Text by Maurine Proctor. Photography by Scot Proctor
All the articles on exploring Nephi’s Bountiful are available at this link.
Did Nephi and his family leave anything behind at their Bountiful where they built the ship, and if so, what? What traces of their party could still be found? If they did leave something behind is there any possibility that it could still be there, buried beneath centuries of time and occupations which have been in this place since?
Those are intriguing questions, and when you are in Khor Kharfot, the best candidate for Nephi’s Bountiful (and really the only place along this Arabian seashore directly east of Nahom that fits) you can’t help but wonder.
As we have taken archaeologists, a geologist and now, this 20th of October, a team of botanists into this isolated beach on the border of Oman and Yemen in South Arabia, we have not gone with the express idea of finding evidence of Nephi’s family, but rather to do scholarly work to preserve the archaeological remains there before they are lost in this rather delicate environment that is under new assault.
It is clear that there have been multiple occupations here in the past, in this now unoccupied spot where only the endangered Arabian leopards wander, so what chance would there be to stumble upon anything that a group of Israelites left behind who only occupied the spot for three or four years and moved on—especially when their main task was to build a ship, not to establish structures?
Finding anything left behind by Nephi and his family is made more challenging because this is a place hammered by monsoon rains and winds for four months of the year. What we’d have to say is that finding anything that Nephi and his family left behind is possible, but highly unlikely. It is not probable.
And yet, the imagination is piqued because we know some fascinating things about this family from their own record. They have a sense that they are re-enacting the archetypal wilderness journey taken by Moses and the Children of Israel. Their specific journey runs into a more general sweep of the Lord’s efforts to remove the righteous when a wicked city or land is about to be destroyed. They remind themselves “let us be strong like unto Moses’ (1 Nephi 4:2) They are aware that they are the posterity of Joseph of Egypt whose “branches run over the wall” (Genesis 49:22).
Their sense of themselves is epic. They know that their history is important and must be recorded. They see themselves as playing a key role in God’s unrolling of history. They know they are a covenant people with a mission. They feel cut off from main body of the covenant people, and this sense continues in the new Promised Land. Jacob describes his people in these poignant terms: “Our lives passed away like as it were unto us a dream, we being a lonesome and a solemn people, wanderers, cast out from Jerusalem” (Jacob 7:26). They love Isaiah and quote him extensively in their record, in part, because he speaks of the destiny of the Covenant People. They know, “For can a woman forget her sucking child, that she should not have compassion on the son of her womb? Yea, they may forget, yet will I not forget thee, O house of Israel” (1 Nephi 21:15). Perhaps this suggests to them that they will not be forgotten—and even more that they have an important role to play.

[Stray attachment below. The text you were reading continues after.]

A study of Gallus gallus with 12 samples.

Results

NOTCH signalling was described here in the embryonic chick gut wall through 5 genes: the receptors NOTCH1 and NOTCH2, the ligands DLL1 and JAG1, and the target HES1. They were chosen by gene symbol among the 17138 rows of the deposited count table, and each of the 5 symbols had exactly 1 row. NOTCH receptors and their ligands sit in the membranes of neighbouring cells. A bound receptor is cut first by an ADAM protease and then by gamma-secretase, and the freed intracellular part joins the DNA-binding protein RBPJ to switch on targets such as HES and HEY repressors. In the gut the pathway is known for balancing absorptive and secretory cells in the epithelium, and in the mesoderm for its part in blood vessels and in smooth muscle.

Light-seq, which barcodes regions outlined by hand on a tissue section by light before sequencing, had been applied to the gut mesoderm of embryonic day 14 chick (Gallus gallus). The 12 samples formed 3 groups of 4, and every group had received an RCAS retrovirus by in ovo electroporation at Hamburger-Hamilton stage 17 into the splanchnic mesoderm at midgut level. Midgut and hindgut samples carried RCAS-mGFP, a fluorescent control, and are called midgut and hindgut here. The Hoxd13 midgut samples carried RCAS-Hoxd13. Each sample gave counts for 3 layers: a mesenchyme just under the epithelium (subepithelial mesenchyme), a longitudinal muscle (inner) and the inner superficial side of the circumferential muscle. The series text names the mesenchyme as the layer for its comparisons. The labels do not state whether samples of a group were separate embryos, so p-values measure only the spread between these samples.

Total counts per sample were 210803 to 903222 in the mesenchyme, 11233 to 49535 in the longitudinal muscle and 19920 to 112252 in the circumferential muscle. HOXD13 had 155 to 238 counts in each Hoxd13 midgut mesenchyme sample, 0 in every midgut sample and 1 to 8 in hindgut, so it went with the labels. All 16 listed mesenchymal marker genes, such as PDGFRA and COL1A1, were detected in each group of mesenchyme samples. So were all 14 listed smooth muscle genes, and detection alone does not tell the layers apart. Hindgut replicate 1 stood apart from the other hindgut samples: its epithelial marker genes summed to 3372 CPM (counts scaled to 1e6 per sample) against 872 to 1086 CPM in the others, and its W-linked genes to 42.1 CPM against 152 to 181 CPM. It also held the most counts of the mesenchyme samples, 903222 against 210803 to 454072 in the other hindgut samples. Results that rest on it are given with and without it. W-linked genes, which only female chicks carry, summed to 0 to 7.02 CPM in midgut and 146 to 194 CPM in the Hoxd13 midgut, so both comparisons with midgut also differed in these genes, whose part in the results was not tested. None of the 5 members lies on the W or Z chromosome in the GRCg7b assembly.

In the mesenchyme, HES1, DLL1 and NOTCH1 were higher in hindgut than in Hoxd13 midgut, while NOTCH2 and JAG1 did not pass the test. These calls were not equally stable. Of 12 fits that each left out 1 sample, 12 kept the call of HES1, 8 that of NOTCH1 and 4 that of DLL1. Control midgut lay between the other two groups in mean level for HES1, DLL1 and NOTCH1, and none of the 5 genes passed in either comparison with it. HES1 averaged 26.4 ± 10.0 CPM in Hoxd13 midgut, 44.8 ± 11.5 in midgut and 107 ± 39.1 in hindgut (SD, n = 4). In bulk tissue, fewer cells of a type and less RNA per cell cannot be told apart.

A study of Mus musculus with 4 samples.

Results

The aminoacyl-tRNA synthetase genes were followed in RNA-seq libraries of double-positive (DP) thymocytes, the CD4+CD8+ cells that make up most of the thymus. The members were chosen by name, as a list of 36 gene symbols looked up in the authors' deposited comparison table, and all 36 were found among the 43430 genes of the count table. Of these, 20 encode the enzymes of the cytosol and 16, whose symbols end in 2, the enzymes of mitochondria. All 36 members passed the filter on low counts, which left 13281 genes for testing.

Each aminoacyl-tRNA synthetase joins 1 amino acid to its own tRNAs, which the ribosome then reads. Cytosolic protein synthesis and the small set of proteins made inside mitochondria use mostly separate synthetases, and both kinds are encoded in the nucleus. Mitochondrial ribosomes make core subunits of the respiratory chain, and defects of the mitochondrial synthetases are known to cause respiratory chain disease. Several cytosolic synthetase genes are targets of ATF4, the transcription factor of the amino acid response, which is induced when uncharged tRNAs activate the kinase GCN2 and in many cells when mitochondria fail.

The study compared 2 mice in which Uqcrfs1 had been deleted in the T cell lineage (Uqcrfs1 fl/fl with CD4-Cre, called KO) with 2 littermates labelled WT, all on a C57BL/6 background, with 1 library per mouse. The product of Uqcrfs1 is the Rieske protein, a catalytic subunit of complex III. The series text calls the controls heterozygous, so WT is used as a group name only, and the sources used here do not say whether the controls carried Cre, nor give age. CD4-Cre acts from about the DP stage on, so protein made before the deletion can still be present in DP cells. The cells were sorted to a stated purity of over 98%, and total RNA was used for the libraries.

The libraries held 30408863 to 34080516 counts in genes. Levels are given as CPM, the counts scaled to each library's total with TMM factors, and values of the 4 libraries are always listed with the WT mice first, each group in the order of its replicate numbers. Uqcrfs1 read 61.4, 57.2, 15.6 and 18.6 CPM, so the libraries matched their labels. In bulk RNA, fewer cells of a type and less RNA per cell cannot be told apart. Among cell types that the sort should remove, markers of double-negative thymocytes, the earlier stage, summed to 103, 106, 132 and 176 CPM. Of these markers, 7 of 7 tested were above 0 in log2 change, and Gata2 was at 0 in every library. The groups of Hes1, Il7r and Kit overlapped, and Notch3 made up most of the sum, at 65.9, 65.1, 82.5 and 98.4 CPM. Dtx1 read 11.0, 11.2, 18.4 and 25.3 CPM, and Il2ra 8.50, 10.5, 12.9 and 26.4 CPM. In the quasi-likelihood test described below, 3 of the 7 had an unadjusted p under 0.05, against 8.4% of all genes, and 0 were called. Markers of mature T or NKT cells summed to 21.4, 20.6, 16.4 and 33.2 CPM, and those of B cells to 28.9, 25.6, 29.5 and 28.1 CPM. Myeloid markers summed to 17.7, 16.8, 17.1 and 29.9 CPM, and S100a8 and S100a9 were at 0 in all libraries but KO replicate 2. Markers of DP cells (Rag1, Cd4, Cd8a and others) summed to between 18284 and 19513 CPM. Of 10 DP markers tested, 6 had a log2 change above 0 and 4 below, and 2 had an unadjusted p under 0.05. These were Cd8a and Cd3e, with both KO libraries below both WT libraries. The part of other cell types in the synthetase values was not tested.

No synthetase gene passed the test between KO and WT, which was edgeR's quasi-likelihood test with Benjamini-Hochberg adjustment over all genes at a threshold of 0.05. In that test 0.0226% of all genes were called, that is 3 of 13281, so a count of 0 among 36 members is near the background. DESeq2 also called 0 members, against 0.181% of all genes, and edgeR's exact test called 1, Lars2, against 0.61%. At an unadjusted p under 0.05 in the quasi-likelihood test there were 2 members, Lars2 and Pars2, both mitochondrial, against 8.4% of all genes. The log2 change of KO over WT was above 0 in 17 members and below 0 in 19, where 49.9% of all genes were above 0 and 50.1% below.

If you were this people, Lehi’s family, with such a sense of your destiny would you leave something behind? Maybe. We asked Dr. Richard Hauck, an archaeologist on the site what Nephi and his family could have left behind.
The idea of leaving behind a ceremonial center is fascinating, because in theory, this could be the remains of a different kind of structure than others that we see at Bountiful. This place for sacrifice and worship may have quite different features than a Muslim mosque or any other southern Arabian worship center of earlier date. Their ceremonial center would have reminiscences of other places important for worship that Nephi left behind in Jerusalem.
So while at Khor Kharfot, we think deeply about Nephi and his family, what we wonder most about is their departure from this place in a ship they made themselves. We sit on the shore and look out at the vast, unlimited sea before us, their Irreantum, and suddenly an event recorded in the Book of Mormon that we have always known becomes so much more tangible. We can feel it and understand it as if our senses were enhanced, as if we can taste the salt on the sea, feel the heat that beat upon them while they worked to construct a ship they would trust their families in. We say, to ourselves, if you had no experience as a shipbuilder, would you construct your own boat, load it with everyone you love, and launch from here on a journey you can’t imagine to a destination you’ve never seen for a length of time that hasn’t been given you?
We sit together and know that regardless of anything else that might be in this spot, one thing is certain that they left behind–a legacy of faith and superfaith for all of us. “I know in whom I have trusted,” said Nephi, and looking out at the sea at Bountiful, it is clear he surely did, or he would have never left.